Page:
Remember the television show Cheers? “Sometimes you want to go where everybody knows your name.”

Small town life can be like that. Everybody knows your name. In fact, sometimes they know the name of your parents, your children, your siblings, your twice-removed-second-cousins, and the family dog!

While some people may believe that small town life has less to offer, I’ve been reflecting lately on the positives. My hometown and the surrounding small communities hold a special place in my heart. 

Small towns may not be flashy. Sometimes they’re only referenced when there’s a tornado warning.

This way of life is a best kept secret of the Great Plains. I love walking into the local grocery store and having a conversation with at least five other people before leaving with my groceries. Once, I forgot a pizza on the check-out counter. The owner of the store drove to my house and put the pizza in the freezer before I even made it home!

Local sporting events are fun – not just to encourage the local youth but to catch up with friends.

We wave at people when we’re driving.

We call a wrong number and still have a ten minute convo.

Many have discovered that no matter how fun it is to travel or live beyond this remote area, it’s still a great place to raise a family.

Not everything is perfect. Gossip and drama can travel fast. In the same way, good news also travels fast. So do prayers and casseroles when people are hurting.

I might live hours from urban shopping centers, major league baseball, and concert venues. However, I can also find a parking spot seconds from the door of almost any destination. I fight muddy roads and snow drifts with four wheel drive vehicles, but never the stress of traffic jams.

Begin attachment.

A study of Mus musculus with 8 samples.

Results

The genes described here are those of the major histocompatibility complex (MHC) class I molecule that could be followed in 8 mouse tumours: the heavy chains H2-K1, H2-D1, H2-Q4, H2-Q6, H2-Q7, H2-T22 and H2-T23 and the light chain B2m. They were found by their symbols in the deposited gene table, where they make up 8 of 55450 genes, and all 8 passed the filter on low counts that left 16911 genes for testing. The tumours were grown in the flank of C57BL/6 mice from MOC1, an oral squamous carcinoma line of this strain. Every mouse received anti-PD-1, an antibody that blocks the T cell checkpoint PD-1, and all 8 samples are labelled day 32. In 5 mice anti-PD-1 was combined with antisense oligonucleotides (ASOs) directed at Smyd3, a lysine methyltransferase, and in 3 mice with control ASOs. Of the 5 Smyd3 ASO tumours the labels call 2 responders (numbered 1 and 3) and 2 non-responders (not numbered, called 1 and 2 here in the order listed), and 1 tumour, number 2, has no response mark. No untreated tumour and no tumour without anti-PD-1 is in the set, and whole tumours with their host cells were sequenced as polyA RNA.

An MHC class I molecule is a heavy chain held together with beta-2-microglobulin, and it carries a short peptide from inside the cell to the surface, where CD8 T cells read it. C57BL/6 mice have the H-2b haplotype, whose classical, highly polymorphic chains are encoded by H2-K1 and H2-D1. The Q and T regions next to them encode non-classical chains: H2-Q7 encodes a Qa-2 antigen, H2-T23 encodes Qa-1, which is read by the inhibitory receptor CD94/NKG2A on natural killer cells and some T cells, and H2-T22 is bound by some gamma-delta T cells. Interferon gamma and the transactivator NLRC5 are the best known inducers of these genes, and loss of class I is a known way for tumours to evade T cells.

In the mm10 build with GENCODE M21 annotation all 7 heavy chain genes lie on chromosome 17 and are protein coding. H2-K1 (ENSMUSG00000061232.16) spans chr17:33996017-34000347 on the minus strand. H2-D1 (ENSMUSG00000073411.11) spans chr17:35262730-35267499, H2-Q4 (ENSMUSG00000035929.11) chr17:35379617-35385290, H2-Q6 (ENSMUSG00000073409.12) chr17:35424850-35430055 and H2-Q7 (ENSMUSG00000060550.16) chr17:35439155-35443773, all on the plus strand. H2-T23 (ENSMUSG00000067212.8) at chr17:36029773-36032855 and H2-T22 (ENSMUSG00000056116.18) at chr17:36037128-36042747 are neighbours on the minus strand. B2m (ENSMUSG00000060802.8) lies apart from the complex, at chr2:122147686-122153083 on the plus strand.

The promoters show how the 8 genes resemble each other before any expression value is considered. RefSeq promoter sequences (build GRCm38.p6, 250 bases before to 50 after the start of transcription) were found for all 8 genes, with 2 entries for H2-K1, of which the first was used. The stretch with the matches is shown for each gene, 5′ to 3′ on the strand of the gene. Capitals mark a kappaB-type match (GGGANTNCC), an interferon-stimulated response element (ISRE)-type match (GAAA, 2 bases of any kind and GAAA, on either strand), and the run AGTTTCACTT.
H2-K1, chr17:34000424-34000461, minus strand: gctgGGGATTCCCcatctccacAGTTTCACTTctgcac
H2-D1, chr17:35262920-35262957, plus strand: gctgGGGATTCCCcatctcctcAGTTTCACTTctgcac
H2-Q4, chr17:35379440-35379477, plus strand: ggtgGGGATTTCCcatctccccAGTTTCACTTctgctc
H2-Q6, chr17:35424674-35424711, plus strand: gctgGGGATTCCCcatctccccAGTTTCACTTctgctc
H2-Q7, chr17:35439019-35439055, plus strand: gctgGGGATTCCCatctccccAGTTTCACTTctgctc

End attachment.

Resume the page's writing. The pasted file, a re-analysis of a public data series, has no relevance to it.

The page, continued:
The sunrises and sunsets are spectacular and unobstructed – just like on the ocean, except we look over waves of grass and crops. The air and tap water are clean. With no nocturnal light pollution, the stunningly vast number of visible stars makes it difficult to distinguish the constellations.

The people of small towns make these places vibrant despite some faded facades. The friendliness found on the Plains is genuine and unrivaled. The spirit of volunteerism is alive and well not just out of necessity, but because it’s fun to work alongside of friends when supporting the school, church, golf course, 4-H club, or charitable benefit.

Technology keeps us small-towners connected to the rest of the world in ways never imaginable a generation ago. That we also stay connected with fellow members of the community over a salted caramel latte in the local coffee shop makes it the best of both worlds.

There are challenges ahead for most small towns, but there’s plenty of reason for optimism. Our young people benefit from opportunities to see bigger places and new faces. It’s great to experience the amazing things offered elsewhere and then bring back fresh ideas and a broad perspective of the world. 

Make no mistake – I enjoy big cities. When I visit, I love the energy, noise, diversity, multitudes of people, museums, restaurants, shopping, music scenes, major sporting events, art, architecture, and all the attractions that are usually only found in major metropolitan areas. 

And then I love going home to the countryside in my flyover state.


Diane Karr

Diane Karr lives on a family farm in south central Nebraska with her husband and four sons. Besides chasing after her busy boys and the farm, she volunteers as a church organist. Diane graduated from UNL in 1996 as an agribusiness major, shares stories about farm life at, and is a volunteer for CommonGround Nebraska. She also enjoys Husker football, hazelnut lattes, cooking and baking, boating, photography, and spending time with family and friends.